There is no question that, boosted by more than 13 million copies sold of Harry Potter and the Half-Blood Prince, sales in the children's hardcover segment were up significantly in 2005. But did sales really rise 59%, as reported by the Association of American Publishers last month? At least a few children's publishers think that number is much too high. And a number of religion publishers believe that rather than falling 6.1%, as reported by the AAP, sales of religion books actually rose in 2005.

Questions about the children's hardcover and religion numbers highlight the ongoing concerns some industry members have about the accuracy of publishing stats.

The two organizations that collect data—AAP and Book Industry Study Group—not only don't agree on rates of growth in publishing, they don't even agree on the size of the industry. For 2004, the last year for which BISG numbers are available, the group reported that total sales rose 2.8%, to $28.5 billion, while the AAP said sales fell 1.3%, to $22.8 billion. Both the AAP and BISG are hampered by lack of cooperation from publishers. The AAP monthly sales estimates are based on reports from only 74 publishers, whose total sales in 2005 came to $9.11 billion—36% of AAP's total estimated sales of $25.07 billion.

To measure the market, AAP uses the sample from its monthly report and then applies that increase to the previous year. In the case of children's hardcover, for example, revenue from the 13 publishers that reported sales (which totaled about 21% of the overall market) showed a 59% increase, compared to 2004. That 59% figure is used by AAP to bump up the $2.2 billion in sales reported in 2004. That method gives a result that shows children's hardcover sales rising $1.4 billion in 2005. The increase was called "bizarre" by the head of the children's group at one major house and "implausible" by another.

Tina Jordan, AAP v-p, said that the 59% increase is a real number that shows the increase between the two years for the reporting companies. The larger figure of $3.6 billion is an estimate for the entire children's hardcover market, she noted. Jordan said the association is "always looking for ways to improve our data" and said the AAP would "welcome" greater publisher participation. Jordan added that the AAP is in talks with BISG, "exploring ways in which we can cooperatively utilize the strengths of our respective data on behalf of the industry."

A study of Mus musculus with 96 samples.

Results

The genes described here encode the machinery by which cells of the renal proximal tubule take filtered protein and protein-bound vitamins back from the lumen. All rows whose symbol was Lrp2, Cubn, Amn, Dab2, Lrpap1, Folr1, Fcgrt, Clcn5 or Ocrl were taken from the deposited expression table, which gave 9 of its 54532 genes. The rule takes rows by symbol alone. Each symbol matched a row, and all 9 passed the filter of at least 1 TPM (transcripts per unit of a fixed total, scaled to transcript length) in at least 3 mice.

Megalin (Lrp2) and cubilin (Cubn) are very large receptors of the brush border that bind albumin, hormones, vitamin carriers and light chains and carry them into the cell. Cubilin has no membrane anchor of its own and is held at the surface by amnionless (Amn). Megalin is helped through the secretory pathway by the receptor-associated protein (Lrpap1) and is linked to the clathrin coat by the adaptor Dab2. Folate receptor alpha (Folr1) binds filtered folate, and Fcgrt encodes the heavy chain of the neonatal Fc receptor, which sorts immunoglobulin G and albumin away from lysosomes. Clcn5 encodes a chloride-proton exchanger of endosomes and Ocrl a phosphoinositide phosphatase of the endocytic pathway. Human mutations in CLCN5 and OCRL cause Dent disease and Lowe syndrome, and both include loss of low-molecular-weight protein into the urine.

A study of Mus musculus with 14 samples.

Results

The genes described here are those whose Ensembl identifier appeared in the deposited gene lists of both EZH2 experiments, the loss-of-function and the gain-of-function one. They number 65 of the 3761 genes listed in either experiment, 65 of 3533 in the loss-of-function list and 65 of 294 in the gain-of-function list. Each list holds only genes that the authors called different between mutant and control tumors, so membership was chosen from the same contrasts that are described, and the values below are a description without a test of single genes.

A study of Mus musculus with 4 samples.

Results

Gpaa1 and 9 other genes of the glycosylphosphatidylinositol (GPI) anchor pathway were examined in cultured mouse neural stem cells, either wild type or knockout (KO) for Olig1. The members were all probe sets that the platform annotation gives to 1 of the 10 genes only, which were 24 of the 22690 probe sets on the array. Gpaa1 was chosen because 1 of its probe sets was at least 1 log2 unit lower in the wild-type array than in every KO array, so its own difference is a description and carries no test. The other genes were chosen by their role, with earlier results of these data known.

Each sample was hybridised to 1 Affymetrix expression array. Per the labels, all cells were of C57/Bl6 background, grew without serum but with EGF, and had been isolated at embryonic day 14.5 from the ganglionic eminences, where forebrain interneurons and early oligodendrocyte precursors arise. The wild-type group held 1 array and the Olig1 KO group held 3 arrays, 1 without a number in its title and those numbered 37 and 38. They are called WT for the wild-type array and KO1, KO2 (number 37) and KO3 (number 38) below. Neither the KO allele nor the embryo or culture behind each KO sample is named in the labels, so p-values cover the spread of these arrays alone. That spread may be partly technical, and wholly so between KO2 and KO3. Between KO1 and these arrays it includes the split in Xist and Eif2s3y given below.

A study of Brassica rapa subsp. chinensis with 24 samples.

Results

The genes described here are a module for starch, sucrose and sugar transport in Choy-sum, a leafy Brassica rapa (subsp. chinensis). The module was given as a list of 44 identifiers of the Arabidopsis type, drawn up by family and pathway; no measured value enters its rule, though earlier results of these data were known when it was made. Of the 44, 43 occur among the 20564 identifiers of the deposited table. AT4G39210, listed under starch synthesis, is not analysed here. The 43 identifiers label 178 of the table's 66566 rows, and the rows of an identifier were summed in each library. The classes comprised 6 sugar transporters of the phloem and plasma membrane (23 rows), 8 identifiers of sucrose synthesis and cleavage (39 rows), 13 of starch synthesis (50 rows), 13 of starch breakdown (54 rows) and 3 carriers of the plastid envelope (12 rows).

The AAP children's number gets qualified support from the Children's Book Council. Paula Quint, head of CBC, said that while final numbers from the CBC's own sales sample aren't complete, two publishers posted significant increases in hardcover sales last year, and the CBC figure will show a "substantial" increase in the year. She wouldn't speculate if the number will reach 59%. The BISG statistics for 2005 won't be available for another month. Projections made last year for 2005 called for an 8% sales increase in the hardcover children's segment.

The AAP will be getting some help in compiling sales in the religion book segment. Jordan said the association is in discussion with the Evangelical Christian Publishers Association to use its membership data "to get a fuller representation of the industry." Preliminary ECPA figures show that book sales to Christian bookstores fell 3% last year, while Bible sales were up about 9%. Factor in sales from all channels, however, and ECPA estimates that sales last year for its publishers will be up 10% to 12%. BISG had estimated that religion sales this year would increase 11%. The AAP religion estimate is based on a sample of five publishers, including HarperCollins/Zondervan—and sales of Zondervan's megaseller Purpose-Driven Life were slower in 2005 than in 2004. [See Jonathan Merkh's Soapbox (p. 80) on religion books and the bestseller list.] ECPA puts the Christian retail market at between $2.2 billion and $2.5 billion, substantially higher than the numbers the AAP suggests.